Don’t Ever Do This Editing Mistake

Don’t Ever Do This Editing Mistake

Raise shadows and decrease highlights. This is how many photographers start their post processing workflow. Sadly, this often leads to an unintentional mistake.

I will start out by defining “mistake” as this is the internet and anyone who can interpret a word differently always will. Therefore, a “mistake” is an unintentional effect, which decreases the overall value of the photo such as distracting from the intention behind the photo.

When I first started out with post processing, I learned that you more than often want to decrease the highlights and raise shadows to preserve the details in both. This is for the most part still true. Doing so in Lightroom or CameraRaw most often leads to an unwanted effect especially in high contrast areas. This unwanted effect is called haloing. You often create the base for this mistake in this initial phase of your editing and the effect will only worsen as you add local contrast and sharpen your photo later in the process.

On the before/after photo below from Lóndrangar in Iceland you can see a typical example of this. Along the edges of the cliffs where you will go from a highlight area to a shadow area within a few pixels the halo becomes very visible. But first the settings:

Zooming in to the photo the halo along the edge becomes very obvious. Personally, I absolutely hate this effect and despite there being many solutions to it, I still see it on a daily basis in all sorts of photography. As I am a landscape photographer, it is, of course, most pronounced for me in landscape photography.

Here is another example from the other corner.

If we zoom into the center for a look at the cliffs. We not only get the bright line around the edge we also get a dark halo around the cliffs as if the darkness/shadows from the cliff has been smudged out into the bright background of the sunset.

I do not want to use words like “unnatural” or “unprofessional” to describe the effect but it sure looks unintentional, as this effect is unwarranted. There is no reason to add it to the photo. And as already mentioned, adding clarity or sharpness will only worsen the effect.

How To Fix It

Luckily, there is a quick fix to this problem in Lightroom or CameraRaw. It is probably the simplest form for luminosity masking you can get. If you would want to raise the shadows and decrease the highlights without creating the weird halos this is one way to do it.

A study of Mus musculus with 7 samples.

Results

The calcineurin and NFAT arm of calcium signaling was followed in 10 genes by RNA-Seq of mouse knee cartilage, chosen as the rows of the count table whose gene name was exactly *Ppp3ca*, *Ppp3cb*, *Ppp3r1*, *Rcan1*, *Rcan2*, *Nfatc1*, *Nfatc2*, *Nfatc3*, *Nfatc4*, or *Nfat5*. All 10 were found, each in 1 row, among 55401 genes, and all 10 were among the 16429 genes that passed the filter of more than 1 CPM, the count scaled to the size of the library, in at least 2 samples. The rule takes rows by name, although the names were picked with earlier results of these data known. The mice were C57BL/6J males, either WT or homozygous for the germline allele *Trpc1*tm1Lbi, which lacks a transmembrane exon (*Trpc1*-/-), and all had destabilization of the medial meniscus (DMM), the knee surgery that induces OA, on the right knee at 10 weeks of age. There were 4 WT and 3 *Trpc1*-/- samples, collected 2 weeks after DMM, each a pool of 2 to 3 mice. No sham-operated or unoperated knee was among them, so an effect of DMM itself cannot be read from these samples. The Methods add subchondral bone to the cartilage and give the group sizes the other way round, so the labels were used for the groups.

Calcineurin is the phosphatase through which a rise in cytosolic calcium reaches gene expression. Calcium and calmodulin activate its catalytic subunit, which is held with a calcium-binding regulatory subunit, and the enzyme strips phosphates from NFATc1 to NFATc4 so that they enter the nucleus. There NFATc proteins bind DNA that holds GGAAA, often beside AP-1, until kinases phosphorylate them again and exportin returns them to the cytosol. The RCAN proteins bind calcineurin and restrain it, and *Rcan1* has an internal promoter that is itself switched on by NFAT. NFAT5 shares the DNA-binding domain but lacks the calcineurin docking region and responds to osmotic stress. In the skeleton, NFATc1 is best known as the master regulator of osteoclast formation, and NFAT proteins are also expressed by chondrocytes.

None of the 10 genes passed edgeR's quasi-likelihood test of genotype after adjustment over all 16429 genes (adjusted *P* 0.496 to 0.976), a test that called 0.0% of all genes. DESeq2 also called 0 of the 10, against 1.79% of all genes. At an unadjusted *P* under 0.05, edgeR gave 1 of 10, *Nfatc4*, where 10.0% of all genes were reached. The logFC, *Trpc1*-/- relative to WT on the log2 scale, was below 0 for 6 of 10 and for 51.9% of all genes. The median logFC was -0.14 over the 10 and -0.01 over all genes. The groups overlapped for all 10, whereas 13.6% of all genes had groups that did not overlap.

In this example, I create a graduated filter for the sky with the intention of decreasing the highlights in the clouds. I do this by decreasing the exposure. I also create a graduated filter for the bottom with the intention of raising the shadows in the cliffs. I do this by increasing the exposure and shadows.

The graduated filter for the sky/highlights will not only affect the sky but also the cliffs and the graduated filter for the cliffs/shadows will not only affect the cliffs but also the sky. To get around this you will have to choose the option of range masking for each graduated filter and select “Luminance.” That gives you a slider called “Luminance Range” (check out the bottom of the picture below). The slider ranges from 100% black on the left to 100% white on the right. By changing the range as in the example below you can choose what luminance values the graduated filter should affect. For the graduated filter, which is supposed to affect the cliffs, you simply exclude the luminance values for the sky pulling the right pointer towards left.

For the graduated filter, which is supposed to only affect the sky/highlights, you simply pull the left pointer towards the right thereby excluding the luminance values for the cliffs/shadows.

In this way, we have managed to raise the shadows and decrease the highlights based on luminance values, which does not create these unwarranted haloes. Check out the results underneath here with the difference between the “classic edit” and the “fixed edit.” From here you can continue and add both new graduated filters or brushes. Brushes also work with the Luminance Range.

This gives an overall way cleaner edit without distracting elements. I hope this small tip will help you out in your editing.

Mads Peter Iversen's picture

Danish Fine Art Landscape Photographer and YouTuber. He is taking photos all over the world but the main focus is the cold, rough, northern part of Europe. His style is somewhere in between dramatic and colorful fantasy and Scandinavian minimalism. Be sure to check out his YouTube channel for epic landscape photography videos from around the world.


As usual great Tip Mads. :)

Very useful concept. Thank you, Mads.

I am unclear about, and would like some clarity on, the difference between using the whites/blacks/shadows/highlights sliders as opposed to the tone curve as far as unwanted edge effects. My practice has been to use the whites/blacks for white point/black point and manipulate the intervening histogram with tone curve only.

Am I unnecessarily omitting use of shadows/highlights sliders or is using the tone curve truly equivalent?

Very nice! I've used colour and luminance masking before but didn't think of it for avoiding haloes. Just tried it with a suitable image and it worked great. The image didn't have haloes but these bright contrast edges without masking. Using the luminance mask I couldn't notice them anymore.

I have struggled with those halos! This will be a part of my workflow from now. Thanks!!